Why Martha Stewart Roasted the Hand that Fed Her

Stewart rides away from a New York court on March 5

Photograph by Jin Lee/Bloomberg

Stewart rides away from a New York court on March 5

For Martha Stewart, love is a relative term. Now that she has explained what motivated her merchandising deal with J.C. Penney (JCP), it seems her passion for Macy’s (M) faded when a more desirable suitor came on the scene.

Sure, she loves Macy’s, she told a Manhattan court on March 5, having shopped there since she was a “young child.” (Only with Martha does the image of a preschooler scanning cookware prices not seem odd.) But it had become a ho-hum relationship; the domestic doyenne testified she was “not always thrilled” with the exposure her brand got in Macy’s. While she lived up to “everything” in the partnership, Stewart claims the retail chain’s execs lived up to only “some of it.” As for those boardroom minutes in which she claimed to be  “thrilled” at becoming Macy’s top home brand? Those were, well, just words. Or rather, as she clarified in court, talking points prepared by Macy’s itself.

Stewart’s testimony in defending Martha Stewart Living Omnimedia (MSO) and J.C. Penney against the suit by Macy’s left little doubt about where her affections lie. While Stewart insisted there is room for both retailers in her life, she behaved like someone less interested in juggling two partners than in moving on to a better provider.

What planted the seeds of discontent was not Macy’s, at which her company’s sales continued to grow amid the financial crisis. It was the lure of life under Penney and Ron Johnson, the man who had built Apple’s stunning retail franchise and was expected to work his magic at Penney. As J.Crew chief Mickey Drexler, an Apple (AAPL) board member, told Stewart in an e-mail presented in court: “Ron would do Martha Stewart the right way.” Instead of putting her stuff on shelves alongside other brands, Johnson would give Martha her own in-store boutiques. She’d have full creative control, more prestige, more lucrative licensing fees. Instead of a fleeting partnership, she’d get real commitment from a man she still calls “a visionary,” a man who agreed to buy 17 percent of her company. Stewart herself could make half-a-billion dollars in the deal, Johnson had speculated. Together, they’d pull off the retail renaissance of our time.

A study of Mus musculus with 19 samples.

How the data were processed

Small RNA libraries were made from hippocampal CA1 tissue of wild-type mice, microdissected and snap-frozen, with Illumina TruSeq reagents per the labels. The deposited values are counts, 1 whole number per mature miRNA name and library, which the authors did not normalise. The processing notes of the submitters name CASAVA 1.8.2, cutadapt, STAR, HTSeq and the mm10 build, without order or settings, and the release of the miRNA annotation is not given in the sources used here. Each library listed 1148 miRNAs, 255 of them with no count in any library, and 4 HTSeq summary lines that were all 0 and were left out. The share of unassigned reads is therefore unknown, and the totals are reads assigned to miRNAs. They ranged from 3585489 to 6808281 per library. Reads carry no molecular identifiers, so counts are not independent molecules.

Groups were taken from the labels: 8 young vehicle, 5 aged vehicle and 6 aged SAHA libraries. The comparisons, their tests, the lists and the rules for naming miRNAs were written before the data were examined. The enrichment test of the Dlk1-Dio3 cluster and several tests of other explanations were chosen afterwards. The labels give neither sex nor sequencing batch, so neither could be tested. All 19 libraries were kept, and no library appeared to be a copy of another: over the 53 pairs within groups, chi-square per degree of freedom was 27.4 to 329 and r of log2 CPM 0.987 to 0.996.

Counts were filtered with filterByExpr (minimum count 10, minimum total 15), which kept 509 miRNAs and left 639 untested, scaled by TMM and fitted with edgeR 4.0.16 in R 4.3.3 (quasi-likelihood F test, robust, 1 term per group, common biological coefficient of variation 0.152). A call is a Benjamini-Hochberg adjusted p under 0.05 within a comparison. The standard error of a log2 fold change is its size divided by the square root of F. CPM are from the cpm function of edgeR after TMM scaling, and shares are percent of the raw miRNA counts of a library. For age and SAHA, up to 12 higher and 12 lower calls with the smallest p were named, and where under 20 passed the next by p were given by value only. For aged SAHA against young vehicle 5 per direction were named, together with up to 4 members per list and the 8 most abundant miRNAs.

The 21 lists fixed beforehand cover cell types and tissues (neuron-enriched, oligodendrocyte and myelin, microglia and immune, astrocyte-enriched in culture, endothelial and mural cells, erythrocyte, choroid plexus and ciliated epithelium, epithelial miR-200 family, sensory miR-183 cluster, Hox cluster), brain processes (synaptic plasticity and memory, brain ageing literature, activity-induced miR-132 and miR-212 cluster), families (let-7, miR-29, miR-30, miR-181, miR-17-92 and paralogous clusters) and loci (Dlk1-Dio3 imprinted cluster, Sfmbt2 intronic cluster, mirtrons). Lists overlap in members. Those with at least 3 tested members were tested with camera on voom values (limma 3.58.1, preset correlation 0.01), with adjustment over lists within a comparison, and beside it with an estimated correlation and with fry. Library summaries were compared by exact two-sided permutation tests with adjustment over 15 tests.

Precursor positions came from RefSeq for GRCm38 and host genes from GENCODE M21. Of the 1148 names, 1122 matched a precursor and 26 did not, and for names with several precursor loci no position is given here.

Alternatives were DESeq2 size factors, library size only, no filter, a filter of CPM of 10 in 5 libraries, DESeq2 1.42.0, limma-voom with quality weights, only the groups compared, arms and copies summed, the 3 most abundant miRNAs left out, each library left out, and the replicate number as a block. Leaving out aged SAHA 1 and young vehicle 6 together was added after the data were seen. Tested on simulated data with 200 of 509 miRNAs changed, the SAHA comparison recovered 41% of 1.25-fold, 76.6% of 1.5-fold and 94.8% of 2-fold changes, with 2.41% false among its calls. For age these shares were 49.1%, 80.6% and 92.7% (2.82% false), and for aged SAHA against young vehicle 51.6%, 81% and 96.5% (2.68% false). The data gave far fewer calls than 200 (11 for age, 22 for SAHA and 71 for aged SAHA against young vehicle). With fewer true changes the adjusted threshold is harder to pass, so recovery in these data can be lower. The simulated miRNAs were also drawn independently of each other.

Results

So what did Stewart expect when she broke the news to Macy’s Chief Executive Officer Terry Lundgren, who had bet millions on resurrecting her brand after she went to jail for lying about a stock trade? Well, more than she got. Not only was Lundgren “not very talkative” when she informed him of the done deal, Stewart said, she was “flabbergasted” when he hung up during their call. Could she tell that Lundgren was “shocked and blown away” or “made sick to his stomach” by the acrimonious call, as he testified last week? Hey, ask him. As she cheerfully pointed out in court, the acrimony wasn’t coming from her.

Perhaps that’s because she had already moved on. The attitude is vaguely reminiscent of the visible disdain that Stewart had for Kmart and its chairman Eddie Lampert in the waning years of that retail relationship. There, too, Stewart had overlap—with one key difference: Lampert dumped her. Everyone knew the relationship was going to end in 2009, when Stewart turned her attention to Macy’s. Back then, she’d complained on CNBC that her brand had been diminished, cheapened, even “kind of ripped off” under Lampert, a man who’d filled her with hope when he took over Kmart parent Sears Holding (SHLD) in 2003. Never mind what she’d put him through in subsequent years. Kmart wasn’t worthy of her merchandise.

Macy’s, though, is another matter. The mystery isn’t why Stewart broke the news so late. With three public companies involved, news of talks would have to be disclosed, potentially costing her the deal. (The Penney plan anticipated opening Martha mini-stores in February 2013.) What’s perplexing is the assumption that Lundgren would walk away and let a rival reap the rewards of his work.  Stewart had told him she was happy. They had agreed to stay together until at least 2014. With a new contract in hand and an exclusive brand in his stores, Lundgren had no intention of moving on to a new mate.

Stewart, meanwhile, finds herself stuck with a retailer whose star no longer burns as bright. Even if this has helped reignite her affection for Macy’s, it may be too late to repair the damage.

Brady is a senior editor for Bloomberg Businessweek in New York.